My maternal grandfather, the late Phillip Calder, always admonished his children and grandchildren that “time and tide wait on no man.” On May 13, time, tide and man did not wait on the United States.
May 13 was the deadline for countries to submit new claims to the seabed beyond the normal 200 nautical miles from their shoreline — up to 100 miles from the point at which the sea ran 1.5 miles deep, and no more than 350 miles from land. It’s a scramble for the mineral, oil and pharmaceutical bounty of the seafloor, made possible by the U.N. Convention on the Law of the Sea. Concluded in 1982 and, to date, ratified by 156 countries and the European Union, the convention defines the rights and responsibilities of nations in their use of the world’s oceans, establishing guidelines for businesses, protection of the environment and management of marine natural resources. It covers navigation, archipelagic status and transit regimes, exclusive economic zones, continental shelf jurisdiction, deep-seabed mining, the exploitation regime, scientific research and settlement of disputes.
Such management of the sea is imperative. In its May 16-22 issue, The Economist describes in gory detail the state of affairs above and below the waterline: “It is overfished, chiefly in coastal waters, but also in the great expanses that belong to no state. The sea is increasingly used as a rubbish bin, filled with poisons, plastics and other pollutants. Parts of it are infested with pirates. All of it is growing alarmingly acidic, as the carbon dioxide spewed out by modern activities finds its way into the briny.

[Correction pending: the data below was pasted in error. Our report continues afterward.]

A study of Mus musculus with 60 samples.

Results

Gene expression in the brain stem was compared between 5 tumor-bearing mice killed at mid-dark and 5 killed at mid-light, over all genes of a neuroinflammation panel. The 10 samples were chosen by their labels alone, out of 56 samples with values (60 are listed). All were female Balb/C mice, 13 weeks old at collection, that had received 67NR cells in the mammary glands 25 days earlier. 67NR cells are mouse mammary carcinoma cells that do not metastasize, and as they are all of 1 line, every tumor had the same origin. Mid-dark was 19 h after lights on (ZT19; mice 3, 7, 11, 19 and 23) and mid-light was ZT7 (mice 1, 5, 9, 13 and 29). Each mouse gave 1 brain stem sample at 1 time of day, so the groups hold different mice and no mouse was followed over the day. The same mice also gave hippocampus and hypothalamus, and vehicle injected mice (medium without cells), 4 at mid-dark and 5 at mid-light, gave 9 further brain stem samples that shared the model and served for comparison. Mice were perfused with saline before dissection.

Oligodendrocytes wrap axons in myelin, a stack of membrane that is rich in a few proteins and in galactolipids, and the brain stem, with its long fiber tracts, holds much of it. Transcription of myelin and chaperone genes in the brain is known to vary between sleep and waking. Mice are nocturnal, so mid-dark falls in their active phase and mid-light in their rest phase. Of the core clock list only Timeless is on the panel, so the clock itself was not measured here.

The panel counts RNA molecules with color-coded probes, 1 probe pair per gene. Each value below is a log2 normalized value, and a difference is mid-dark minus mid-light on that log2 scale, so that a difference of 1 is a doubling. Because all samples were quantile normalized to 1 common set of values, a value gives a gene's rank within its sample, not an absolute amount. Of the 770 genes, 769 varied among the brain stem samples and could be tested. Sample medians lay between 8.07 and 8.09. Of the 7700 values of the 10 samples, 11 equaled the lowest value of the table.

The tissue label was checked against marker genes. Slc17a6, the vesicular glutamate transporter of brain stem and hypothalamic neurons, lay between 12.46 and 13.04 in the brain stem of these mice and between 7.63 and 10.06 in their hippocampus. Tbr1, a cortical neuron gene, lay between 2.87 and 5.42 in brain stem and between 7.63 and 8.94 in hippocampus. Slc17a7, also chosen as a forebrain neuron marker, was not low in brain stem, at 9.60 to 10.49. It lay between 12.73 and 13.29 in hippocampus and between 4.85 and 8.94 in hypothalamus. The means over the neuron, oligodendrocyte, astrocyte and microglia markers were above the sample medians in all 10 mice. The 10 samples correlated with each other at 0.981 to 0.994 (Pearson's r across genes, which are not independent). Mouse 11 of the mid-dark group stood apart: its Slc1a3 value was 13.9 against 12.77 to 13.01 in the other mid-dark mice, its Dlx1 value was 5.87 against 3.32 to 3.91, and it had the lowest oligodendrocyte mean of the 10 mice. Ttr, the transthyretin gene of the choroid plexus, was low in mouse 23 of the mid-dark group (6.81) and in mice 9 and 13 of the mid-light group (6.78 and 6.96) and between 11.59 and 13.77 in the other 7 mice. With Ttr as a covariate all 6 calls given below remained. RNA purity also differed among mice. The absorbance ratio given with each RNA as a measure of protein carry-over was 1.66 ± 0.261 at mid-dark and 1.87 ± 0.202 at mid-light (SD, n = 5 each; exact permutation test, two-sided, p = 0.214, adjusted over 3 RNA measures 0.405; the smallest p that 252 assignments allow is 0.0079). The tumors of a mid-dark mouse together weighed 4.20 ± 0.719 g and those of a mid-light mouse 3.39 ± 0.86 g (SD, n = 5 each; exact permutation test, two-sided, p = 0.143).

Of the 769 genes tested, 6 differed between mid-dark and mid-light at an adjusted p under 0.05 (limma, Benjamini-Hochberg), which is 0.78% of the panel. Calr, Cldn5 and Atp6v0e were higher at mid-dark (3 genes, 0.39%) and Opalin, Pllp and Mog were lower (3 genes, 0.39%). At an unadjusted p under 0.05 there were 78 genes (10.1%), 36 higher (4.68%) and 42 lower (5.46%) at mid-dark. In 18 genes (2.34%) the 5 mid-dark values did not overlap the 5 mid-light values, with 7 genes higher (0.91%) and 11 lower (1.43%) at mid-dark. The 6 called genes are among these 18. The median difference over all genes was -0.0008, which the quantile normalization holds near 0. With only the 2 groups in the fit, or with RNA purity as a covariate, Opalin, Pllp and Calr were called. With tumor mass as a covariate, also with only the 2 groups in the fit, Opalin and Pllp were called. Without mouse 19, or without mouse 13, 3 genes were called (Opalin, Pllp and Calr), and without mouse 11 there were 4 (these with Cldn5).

And much of the CO2 that causes this problem derives from oil and gas made less scarce by the reserves now recoverable from below it.” Indeed, Somali piracy, which recently made U.S. headlines with the capture of a U.S.-flagged container ship, came into being after local fishermen lost their livelihood as a result of illegal fishing by Asian, European and Middle Eastern firms and toxic dumping by Western nations in waters off the coast of Somalia.
Russia beat the May 13 deadline by eight years, claiming rights in the Pacific and Arctic oceans in 2001. It reinforced its Arctic claim by planting a flag on the seabed, about 2.5 miles below the North Pole, in 2007. Forty-nine other countries subsequently made claims, including Argentina, Britain, China, France, Ireland, Mauritius, Spain, the Seychelles, South Korea and Tanzania. Some of the claims set the stage for conflict — Canada, Russia and Denmark, for example, may well clash over bids for the North Pole; Britain and Argentina over the Falkland Islands; China and South Korea over parts of the East China Sea; and Tanzania and the Seychelles over an area in the Indian Ocean. Countries that ratified the treaty after May 13, 1999, such as Canada and Denmark, have 10 years from their date of ratification to make their claims.
The United States did not meet the May 13 deadline. It has yet to ratify the convention, although the provision that raised concerns about economic and security interests was amended to make it more palatable to Washington, and despite support for ratification by the Clinton, Bush and currently the Obama administrations, most of the U.S. Senate and the Pentagon. Ratification remains blocked by conservative senators, who argue that involvement in the treaty will impinge on U.S. sovereignty.
No one, and certainly not the sea, is waiting for Washington to get its act together. Even the world’s smallest and poorest nations are making new territorial claims, from which they stand to reap huge economic gains.